First of all, don’t panic or be discouraged. The verification process is used by your college, university, technology center or career school to confirm that the data you reported on your FAFSA is accurate. Federal Student Aid, a division of the U.S. Department of Education, randomly selects some FAFSAs for verification, but it may also select a FAFSA if there is information that needs to be clarified. A college may select a FAFSA for verification for the same reasons. The rules for administering Title IV federal financial aid state that a financial aid office is not allowed to disburse any federal aid to a selected student who has not completed the verification process. It’s important for you to know that no one suspects you of any wrong-doing. Verification is usually a random process, but it can also occur due to conflicting or unclear information reported on your FAFSA.
The first indication that your FAFSA has been selected for verification will appear on your Student Aid Report (SAR) that you received a few days after your FAFSA was submitted. Look for the EFC, or Expected Family Contribution, in the top right corner; if an asterisk (*) appears next to the EFC number, your FAFSA’s been selected. Read the first page of your SAR to see what you should do next. The college(s) you put on your FAFSA will also see the verification symbol and may contact you to state what they’ll require to complete the verification process. If they don’t contact you within a week or two after you receive your SAR, be sure to reach out to the financial aid office and ask what you should do next.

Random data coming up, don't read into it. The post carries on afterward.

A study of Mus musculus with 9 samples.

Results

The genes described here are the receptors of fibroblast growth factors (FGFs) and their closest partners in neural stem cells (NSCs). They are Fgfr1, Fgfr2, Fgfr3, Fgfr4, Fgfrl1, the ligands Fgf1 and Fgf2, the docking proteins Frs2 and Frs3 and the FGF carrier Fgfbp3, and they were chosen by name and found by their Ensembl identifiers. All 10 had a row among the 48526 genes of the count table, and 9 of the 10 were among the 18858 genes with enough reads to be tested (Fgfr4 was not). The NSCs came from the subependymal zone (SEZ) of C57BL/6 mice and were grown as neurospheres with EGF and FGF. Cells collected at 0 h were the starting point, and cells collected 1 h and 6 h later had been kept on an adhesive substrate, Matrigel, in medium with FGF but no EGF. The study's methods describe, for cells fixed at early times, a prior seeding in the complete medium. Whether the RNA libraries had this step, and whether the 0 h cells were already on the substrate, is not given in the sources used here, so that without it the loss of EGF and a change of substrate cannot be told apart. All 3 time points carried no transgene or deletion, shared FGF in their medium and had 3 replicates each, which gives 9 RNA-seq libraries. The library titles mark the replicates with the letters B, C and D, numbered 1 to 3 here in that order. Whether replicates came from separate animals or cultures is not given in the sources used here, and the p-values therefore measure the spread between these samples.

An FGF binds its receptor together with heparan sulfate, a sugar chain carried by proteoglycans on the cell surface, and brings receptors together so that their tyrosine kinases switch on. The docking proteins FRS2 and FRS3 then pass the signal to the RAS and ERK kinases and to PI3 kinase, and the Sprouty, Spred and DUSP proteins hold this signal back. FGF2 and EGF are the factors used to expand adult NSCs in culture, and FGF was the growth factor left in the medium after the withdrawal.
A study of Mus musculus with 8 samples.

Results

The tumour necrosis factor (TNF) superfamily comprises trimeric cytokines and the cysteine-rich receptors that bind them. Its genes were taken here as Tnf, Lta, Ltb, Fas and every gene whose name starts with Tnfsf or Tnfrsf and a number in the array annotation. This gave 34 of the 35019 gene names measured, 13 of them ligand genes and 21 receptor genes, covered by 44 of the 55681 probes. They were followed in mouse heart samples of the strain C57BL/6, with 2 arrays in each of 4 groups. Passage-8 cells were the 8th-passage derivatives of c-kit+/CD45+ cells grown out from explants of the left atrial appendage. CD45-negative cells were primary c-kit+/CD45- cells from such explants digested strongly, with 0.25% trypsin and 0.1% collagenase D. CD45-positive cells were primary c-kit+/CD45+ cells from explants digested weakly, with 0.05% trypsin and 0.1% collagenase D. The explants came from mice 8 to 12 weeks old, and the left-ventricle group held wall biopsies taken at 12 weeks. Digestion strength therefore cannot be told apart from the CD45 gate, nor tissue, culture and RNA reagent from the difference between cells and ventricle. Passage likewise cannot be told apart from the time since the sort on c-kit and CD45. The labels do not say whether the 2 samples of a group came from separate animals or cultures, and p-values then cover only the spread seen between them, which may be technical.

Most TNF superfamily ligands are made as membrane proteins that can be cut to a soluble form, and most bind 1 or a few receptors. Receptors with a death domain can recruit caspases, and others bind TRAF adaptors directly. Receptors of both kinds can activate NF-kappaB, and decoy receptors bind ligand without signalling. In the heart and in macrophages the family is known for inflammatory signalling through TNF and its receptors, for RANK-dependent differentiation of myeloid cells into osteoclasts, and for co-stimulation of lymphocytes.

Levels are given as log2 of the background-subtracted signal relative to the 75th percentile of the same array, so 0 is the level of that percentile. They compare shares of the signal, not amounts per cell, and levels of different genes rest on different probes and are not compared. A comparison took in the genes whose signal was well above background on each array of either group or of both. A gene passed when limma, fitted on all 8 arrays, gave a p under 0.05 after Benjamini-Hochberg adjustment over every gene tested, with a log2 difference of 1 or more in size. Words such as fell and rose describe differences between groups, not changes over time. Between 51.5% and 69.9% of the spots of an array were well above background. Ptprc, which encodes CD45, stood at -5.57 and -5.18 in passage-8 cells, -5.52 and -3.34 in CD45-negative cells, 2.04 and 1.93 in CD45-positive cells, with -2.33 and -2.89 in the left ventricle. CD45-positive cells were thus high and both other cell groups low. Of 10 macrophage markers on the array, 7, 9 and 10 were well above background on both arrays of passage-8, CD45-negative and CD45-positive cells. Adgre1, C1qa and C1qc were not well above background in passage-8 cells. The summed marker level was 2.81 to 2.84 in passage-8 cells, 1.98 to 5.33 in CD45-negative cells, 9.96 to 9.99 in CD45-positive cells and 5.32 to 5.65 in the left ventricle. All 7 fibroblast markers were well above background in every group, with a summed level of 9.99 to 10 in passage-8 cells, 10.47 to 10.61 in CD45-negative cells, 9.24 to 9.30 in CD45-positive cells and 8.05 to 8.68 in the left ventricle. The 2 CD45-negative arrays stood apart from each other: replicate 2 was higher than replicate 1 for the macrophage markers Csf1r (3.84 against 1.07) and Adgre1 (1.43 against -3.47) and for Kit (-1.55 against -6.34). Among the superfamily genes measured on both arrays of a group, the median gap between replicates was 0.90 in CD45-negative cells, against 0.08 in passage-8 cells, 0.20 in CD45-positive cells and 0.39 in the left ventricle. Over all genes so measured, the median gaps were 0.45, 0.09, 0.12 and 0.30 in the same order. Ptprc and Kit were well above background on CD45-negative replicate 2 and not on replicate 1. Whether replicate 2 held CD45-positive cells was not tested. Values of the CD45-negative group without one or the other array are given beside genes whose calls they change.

One of the most common requests in the verification process is for you to supply proof of income. If you used the IRS Data Retrieval Tool on your FAFSA, however, your college shouldn’t need any additional income information from you, because that data was transferred directly to your FAFSA from the IRS. There may be a worksheet that you’ll need to submit to verify other information, but your financial aid office will notify you if that’s required.
This process takes time, so please be patient with the financial aid personnel at your school. They are carrying out a mandate given to them by the U.S. Department of Education, and they must follow the laws that govern federal financial aid. Make sure to respond quickly to any request the financial aid office sends you so the process will go more smoothly.